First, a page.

The research outcomes support work already taking place in Newcastle involving schools, the city council and other organisations to encourage and promote more sustainable and active travel on the school run. Graphic: Newcastle City Council

Press release -

Air quality research supports calls to clean up the school run

Research involving experts at Northumbria University outlines the health risks caused by harmful pollution from vehicles measured outside schools in Newcastle.

Air quality data from monitoring sites outside 12 schools in the city, covering a 24-month period, demonstrated that short-term levels of pollution, linked to patterns around school drop-off and pick-up times, would have consistently exceeded 2021 World Health Organisation (WHO) guidelines which are yet to be adopted into UK or EU policy.

Short term levels of Nitrogen Oxide (NO2) and tiny, inhalable particles called particulate matter (PM) recorded during the research were found to have exceeded 2005 and 2008 air quality guidelines and legal limits on several occasions.

The Northumbria research team of Professor Anil Namdeo, Dr Lindsay Bramwell and Dr Kamal Maji, was led by Dr Laura Keast while at Newcastle University and who is a junior doctor in public health training, and supported by Professor Judith Rankin from Newcastle University.

Their findings have now been published in the international journal of scientific studies, Atmosphere, in a paper which recommends steps to improve air quality around schools to help protect the respiratory health of children, including road closures outside schools, anti-idling campaigns, staggered drop-off and pick-up times and relocating drop-off and pick-up sites away from school entrances.

The adverse effect air pollution has on health has long been recognised, but children are among the most vulnerable due to their developing lungs and higher rate of respiration. Air pollution can cause suppressed lung growth, increased risk of asthma, wheeze and bronchitis.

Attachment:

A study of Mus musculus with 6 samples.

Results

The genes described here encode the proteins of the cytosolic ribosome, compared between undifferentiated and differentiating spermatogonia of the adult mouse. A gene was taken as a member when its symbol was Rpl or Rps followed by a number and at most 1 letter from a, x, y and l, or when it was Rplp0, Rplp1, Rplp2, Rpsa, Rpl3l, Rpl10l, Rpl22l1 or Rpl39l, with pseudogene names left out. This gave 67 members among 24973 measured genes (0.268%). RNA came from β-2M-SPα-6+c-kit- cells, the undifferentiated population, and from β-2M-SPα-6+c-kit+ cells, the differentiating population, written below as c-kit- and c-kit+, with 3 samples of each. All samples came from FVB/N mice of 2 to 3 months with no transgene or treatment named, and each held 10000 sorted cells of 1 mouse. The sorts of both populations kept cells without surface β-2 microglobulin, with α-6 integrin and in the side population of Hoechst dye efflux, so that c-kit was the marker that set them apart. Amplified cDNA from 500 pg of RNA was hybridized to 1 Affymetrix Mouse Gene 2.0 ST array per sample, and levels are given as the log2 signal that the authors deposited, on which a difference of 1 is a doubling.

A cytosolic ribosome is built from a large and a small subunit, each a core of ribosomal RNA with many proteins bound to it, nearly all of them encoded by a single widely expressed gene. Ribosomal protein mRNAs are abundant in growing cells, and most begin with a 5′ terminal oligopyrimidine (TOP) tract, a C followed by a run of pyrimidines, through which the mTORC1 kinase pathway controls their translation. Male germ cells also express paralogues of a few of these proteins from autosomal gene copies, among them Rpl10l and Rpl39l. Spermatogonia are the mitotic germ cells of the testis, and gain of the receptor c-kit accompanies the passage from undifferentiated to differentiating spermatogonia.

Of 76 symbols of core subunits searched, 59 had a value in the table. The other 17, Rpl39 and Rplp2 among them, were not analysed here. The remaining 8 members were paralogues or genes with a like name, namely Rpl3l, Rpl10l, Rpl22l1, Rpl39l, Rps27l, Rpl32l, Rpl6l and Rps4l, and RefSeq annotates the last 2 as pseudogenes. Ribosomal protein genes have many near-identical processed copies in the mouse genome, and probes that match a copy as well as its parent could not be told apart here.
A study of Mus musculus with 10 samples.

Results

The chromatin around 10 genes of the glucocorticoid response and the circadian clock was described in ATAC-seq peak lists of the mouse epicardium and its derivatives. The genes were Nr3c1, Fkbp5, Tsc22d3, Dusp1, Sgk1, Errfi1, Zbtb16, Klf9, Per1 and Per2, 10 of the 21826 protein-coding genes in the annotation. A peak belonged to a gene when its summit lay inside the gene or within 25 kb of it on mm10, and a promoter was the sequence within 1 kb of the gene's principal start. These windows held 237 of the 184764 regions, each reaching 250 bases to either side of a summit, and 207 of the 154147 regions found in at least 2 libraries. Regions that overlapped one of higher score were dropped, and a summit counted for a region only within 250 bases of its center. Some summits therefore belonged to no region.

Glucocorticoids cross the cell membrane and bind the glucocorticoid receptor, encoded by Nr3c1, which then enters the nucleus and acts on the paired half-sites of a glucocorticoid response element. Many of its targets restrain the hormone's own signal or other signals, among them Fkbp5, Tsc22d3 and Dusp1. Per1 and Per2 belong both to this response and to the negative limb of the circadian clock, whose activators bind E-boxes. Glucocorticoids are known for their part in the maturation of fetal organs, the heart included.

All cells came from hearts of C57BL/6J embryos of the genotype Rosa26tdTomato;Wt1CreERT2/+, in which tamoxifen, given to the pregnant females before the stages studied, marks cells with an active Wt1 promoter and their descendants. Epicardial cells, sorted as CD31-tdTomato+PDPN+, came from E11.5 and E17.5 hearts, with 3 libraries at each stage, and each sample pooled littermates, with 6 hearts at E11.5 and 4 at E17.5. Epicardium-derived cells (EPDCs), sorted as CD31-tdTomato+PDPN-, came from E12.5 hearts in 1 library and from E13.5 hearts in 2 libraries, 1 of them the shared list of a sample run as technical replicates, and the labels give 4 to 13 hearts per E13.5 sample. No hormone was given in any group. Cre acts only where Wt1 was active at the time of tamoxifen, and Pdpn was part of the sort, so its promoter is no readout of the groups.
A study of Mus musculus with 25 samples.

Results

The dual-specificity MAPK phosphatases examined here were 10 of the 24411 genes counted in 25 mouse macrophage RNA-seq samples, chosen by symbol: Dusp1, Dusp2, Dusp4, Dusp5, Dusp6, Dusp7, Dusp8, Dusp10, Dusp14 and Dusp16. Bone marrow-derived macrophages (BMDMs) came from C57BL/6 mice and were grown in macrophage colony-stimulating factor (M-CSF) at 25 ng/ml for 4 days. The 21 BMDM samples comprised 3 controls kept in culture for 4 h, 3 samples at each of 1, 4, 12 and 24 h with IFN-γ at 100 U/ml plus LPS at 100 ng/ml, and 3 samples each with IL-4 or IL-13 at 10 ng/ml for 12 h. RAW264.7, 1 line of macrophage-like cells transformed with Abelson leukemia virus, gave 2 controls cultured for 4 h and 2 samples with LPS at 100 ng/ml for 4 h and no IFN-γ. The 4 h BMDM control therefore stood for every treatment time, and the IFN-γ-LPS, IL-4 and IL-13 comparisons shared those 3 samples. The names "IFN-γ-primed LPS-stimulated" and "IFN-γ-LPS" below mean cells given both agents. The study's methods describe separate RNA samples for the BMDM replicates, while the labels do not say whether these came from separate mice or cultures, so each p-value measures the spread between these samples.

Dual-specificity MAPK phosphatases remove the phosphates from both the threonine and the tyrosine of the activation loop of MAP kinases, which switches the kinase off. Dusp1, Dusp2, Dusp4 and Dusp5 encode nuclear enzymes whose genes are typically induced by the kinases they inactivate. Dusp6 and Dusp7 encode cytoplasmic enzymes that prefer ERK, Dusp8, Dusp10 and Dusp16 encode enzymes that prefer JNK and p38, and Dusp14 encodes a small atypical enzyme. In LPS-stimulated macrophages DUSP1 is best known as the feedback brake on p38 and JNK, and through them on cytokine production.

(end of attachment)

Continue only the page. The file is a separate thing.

Professor Namdeo, an expert in air quality management, monitoring and modelling from Northumbria University, said the respiratory health risks associated with the levels recorded demonstrated the need to act urgently to protect children in the city.

“This research confirms what we suspected in terms of the improvements needed to air quality near schools, providing a basis upon which to investigate why some schools in Newcastle experience noticeably worse ambient PM concentrations than others. We hope being able to demonstrate this variation will help to bring about change as part of discussions on the location of new schools, for example,” he explained.

Dr Bramwell, said: “The role of parents is very important in improving the current picture, with the decisions they make about whether they drive, walk or cycle to school with their children playing a big part in this. As does the availability of reliable public transport.”

Dr Keast added: “Our research provides evidence which organisations can use to plan and implement policy at both a local and national level to protect children from the harmful effects of ambient air pollution during their day at school.”

The data used in the research was collected during 2018 and 2019 and came from sensors which were installed by the Urban Observatory as part of a partnership project with Newcastle City Council on healthy schools. The Urban Observatory is a pioneering project that monitors Newcastle and Gateshead at many levels such as for temperature, air pollution and traffic. The project also involved experts from Newcastle University’s Open Lab, who developed digital learning and interactive materials based on the data on air quality collected outside schools.

The city council is consulting on and introducing measures across the city to help reduce traffic, lower pollution levels and improve road safety while also working with Newcastle’s Promise Board – a group of headteachers, school governing bodies and academy trusts from across the city – to look at ways of promoting sustainable ways of getting to school.

Councillor Nick Forbes, Leader of Newcastle City Council, said: “It’s time for the school run to be cleaned up. It is detrimental to all our health and, as well as improving air quality, leaving the car at home gives wider health benefits from the exercise.

“We’re urging all parents and carers who can choose to walk, scoot or cycle to school to please leave the car at home or park further away to reduce pollution and congestion at the school gates. While we will continue to work with schools across the city to support and promote active travel, it is time for everyone to take responsibility for this and do what they can.”

The team of researchers from Northumbria are based within the department of Geography and Environmental Sciences, which encompasses research in environmental geochemistry and health, cold and paleo environments, social and cultural geographies, communities and resilience, and ecology.